People generally understand what the term cremation means. When we are asked for a detailed definition, however, we tend to hesitate while searching for appropriate words. A suggested definition of cremation is the: "The mechanical and/or thermal or other dissolution process that reduces human remains to bone fragments." Cremation includes the processing and usually includes the pulverization of the bone fragments.

This definition covers a variety of technologies that may be applied in order to achieve reduction to bone fragments, including traditional flame-based cremation, calcination and alkaline hydrolysis.

Code of Ethics

In the practice of cremation, we believe:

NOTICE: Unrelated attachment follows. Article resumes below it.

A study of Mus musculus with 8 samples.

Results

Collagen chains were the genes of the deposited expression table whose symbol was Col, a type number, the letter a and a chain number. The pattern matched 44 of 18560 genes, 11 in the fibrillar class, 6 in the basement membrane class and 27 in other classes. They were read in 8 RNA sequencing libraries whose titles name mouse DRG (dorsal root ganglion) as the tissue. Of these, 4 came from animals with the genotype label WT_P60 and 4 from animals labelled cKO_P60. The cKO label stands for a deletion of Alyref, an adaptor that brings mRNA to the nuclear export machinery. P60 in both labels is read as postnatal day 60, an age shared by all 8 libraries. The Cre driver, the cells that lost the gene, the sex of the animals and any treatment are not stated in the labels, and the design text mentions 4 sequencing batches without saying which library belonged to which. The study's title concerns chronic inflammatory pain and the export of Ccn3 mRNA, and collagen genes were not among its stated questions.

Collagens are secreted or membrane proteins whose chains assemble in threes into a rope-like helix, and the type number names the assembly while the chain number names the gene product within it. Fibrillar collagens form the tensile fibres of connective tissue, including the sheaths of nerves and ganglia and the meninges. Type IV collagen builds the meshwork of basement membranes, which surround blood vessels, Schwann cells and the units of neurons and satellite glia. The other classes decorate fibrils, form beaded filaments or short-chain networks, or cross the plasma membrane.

• In dignity and respect in the care of the deceased, in compassion for the living who survive them, and in the memorialization of life; 
  • That a Cremation Authority should be responsible for creating and maintaining an atmosphere of respect at all times; 
  • That cremation should be considered as preparation for memorialization; 
  • That the dead of our society should be memorialized through a commemorative means suitable to the survivors. 

Connecticut Statute concerning Cremation

  • The law in our state requires that we wait 48 hours for a body to be cremated. The state also requires us to have a body viewed by the State’s Medical Examiner’s Office for cremation so a cremation permit may be issued. 
  • During this time, once the medical examiner has signed off on the cremation, we complete and file all the necessary paperwork to go forward with the cremation.

*Reprinted with permission from Cremation Association of North America (CANA)

Lupinski Funeral Home, Inc. is a proud member of CANA.